Thursday, January 22, 2015

Active Shadows of a Writer's Life

My Unwritten BooksMy Unwritten Books 
by George Steiner


"A book unwritten is more than a void.  It accompanies the work one has done like an active shadow, both ironic and sorrowful."  - George Steiner


In Alberto Manguel's wonderful compendium of libraries, The Library at Night, he writes:
"We can imagine the books we'd like to read, even if they have not yet been written, and we can imagine libraries full of books we would like to possess, even if the are well beyond our reach, because we enjoy dreaming up a library that reflects every one of our interests and every one of our foibles--a library that, in its variety and complexity, fully reflects the reader we are."

This idea, and I share his feelings along with the distress of finding books that I would love to have in my library but are too dear for my pocketbook, as expressed in the line "even if they have not yet been written" leads me to a wonderful book that is in my library, My Unwritten Books by George Steiner; described as a "grand master of erudition", he is a both polymath and eclectic as a thinker and writer of prose, both fictional and non-fictional.
In My Unwritten Books he imagines seven books that he did not write, but would have written if only he had not met some insurmountable physical, intellectual or psychological obstacle that prevented him from doing so. The essays describing these books are mini-books in themselves with excursions into such disparate worlds as the multiple languages of sex, the claims of Zionism, the natures of exile and a theology of emptiness.

My favorite among the essays is his personal excursion into the nature of education, "School Terms". Beginning with his own anarchic education that saw the onset of his school life with three languages while studying in Manhattan and France. All this before spending his university years at the University of Chicago and Harvard and completing his graduate work at Oxford. He contrasts the differences between education in France (orderly) and America (anarchic) and moves on to a brief commentary on some of the changes that these systems, especially in Great Britain are currently undergoing. With a flick of his pen, he highlights educational philosophies and movements from Locke and Rousseau through the battle between humanities and science of C. P. Snow whose polemics he decries. But this is used as a catalyst for his own thoughts on education. We must first consider what literacy means in our technological age with the immanent rise of "artificial intelligence" and the ubiquity of the Internet.

Steiner concludes that "the hope of preserving or resuscitating humanistic literacy in any traditional mode" is illusory. Yet, he goes on to suggest a "Utopian" plan or outline of a core curriculum that will provide to arouse the "awareness interactive with the demands and fascination of the world". (p 151)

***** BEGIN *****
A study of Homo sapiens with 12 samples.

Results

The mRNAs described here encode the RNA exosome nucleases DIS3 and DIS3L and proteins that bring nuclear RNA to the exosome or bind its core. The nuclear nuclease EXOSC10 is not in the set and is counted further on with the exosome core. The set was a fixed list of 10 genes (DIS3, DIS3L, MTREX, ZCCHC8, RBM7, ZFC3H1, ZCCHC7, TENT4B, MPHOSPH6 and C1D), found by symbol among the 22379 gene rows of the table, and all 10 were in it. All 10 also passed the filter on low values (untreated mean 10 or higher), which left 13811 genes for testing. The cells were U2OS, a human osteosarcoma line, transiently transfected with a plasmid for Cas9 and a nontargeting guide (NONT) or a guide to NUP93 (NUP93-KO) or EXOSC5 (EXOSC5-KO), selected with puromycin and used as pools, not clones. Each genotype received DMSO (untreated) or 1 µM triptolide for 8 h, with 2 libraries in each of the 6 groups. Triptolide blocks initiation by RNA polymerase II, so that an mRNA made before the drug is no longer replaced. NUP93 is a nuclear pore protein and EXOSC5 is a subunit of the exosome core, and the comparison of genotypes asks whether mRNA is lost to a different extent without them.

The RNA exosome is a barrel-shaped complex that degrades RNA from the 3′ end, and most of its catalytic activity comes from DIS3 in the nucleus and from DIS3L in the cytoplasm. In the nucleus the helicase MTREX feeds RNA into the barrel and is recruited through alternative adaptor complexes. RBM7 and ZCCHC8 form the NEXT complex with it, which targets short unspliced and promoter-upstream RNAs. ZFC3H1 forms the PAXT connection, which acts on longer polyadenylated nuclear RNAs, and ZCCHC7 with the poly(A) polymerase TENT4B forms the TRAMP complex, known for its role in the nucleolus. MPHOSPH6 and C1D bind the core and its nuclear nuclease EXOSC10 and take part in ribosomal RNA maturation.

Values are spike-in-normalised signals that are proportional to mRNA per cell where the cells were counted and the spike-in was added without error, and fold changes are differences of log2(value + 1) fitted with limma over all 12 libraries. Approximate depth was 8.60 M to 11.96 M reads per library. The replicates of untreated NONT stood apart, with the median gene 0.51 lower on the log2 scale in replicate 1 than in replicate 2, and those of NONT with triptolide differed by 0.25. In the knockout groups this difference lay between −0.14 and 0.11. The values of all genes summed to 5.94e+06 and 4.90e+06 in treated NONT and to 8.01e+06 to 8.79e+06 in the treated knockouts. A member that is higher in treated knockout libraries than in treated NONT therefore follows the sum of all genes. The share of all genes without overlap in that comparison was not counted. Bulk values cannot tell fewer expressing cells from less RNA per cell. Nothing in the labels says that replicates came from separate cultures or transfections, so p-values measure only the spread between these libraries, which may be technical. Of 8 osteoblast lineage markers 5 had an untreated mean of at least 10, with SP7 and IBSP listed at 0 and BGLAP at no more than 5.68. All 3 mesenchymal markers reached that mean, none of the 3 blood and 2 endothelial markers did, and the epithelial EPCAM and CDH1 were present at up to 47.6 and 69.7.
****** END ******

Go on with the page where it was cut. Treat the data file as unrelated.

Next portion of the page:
He calls this plan a new "quadrivium" of mathematics, music, architecture, and the life sciences. Aimed at challenging the senses to "embody an incommensurable potential for fun, play, and aesthetic delight. Homo ludens is enlisted to the turbulent heart of his being." (p 159) 
This is heady stuff as Utopian plans often are. But it is exciting and challenging as George Steiner engages with the reader in sharing ideas in these notes for his "unwritten books". For even greater stimulation I would encourage readers to engage in his written books. His works are part of my own partially realized ideal library. By this I mean the sort of ideal that is characterized best by Alberto Manguel in another of his fascinating books, A Reader on Reading, where he writes:

"The ideal library is meant for one particular reader. Every reader must feel that he or she is the chosen one." "The ideal library (like every library) holds at least one line that has been written exclusively for you."

My Unwritten Books by George Steiner.  New Directions Books, 2006.
The Library at Night by Alberto Manguel.  Yale University Press, 2006.
A Reader on Reading by Alberto Manguel.  Yale University Press, 2010.

3 comments:

Brian Joseph said...

I love musings on books and on reading and writing. These essays sound so good.


I am now thinking about what books would be in my ideal library.

Parrish Lantern said...

I thoroughly enjoyed this book although my favourite Steiner is After Babel

James said...

I enjoyed both of those books but consider Steiner's tour de force Antigones to be my favorite.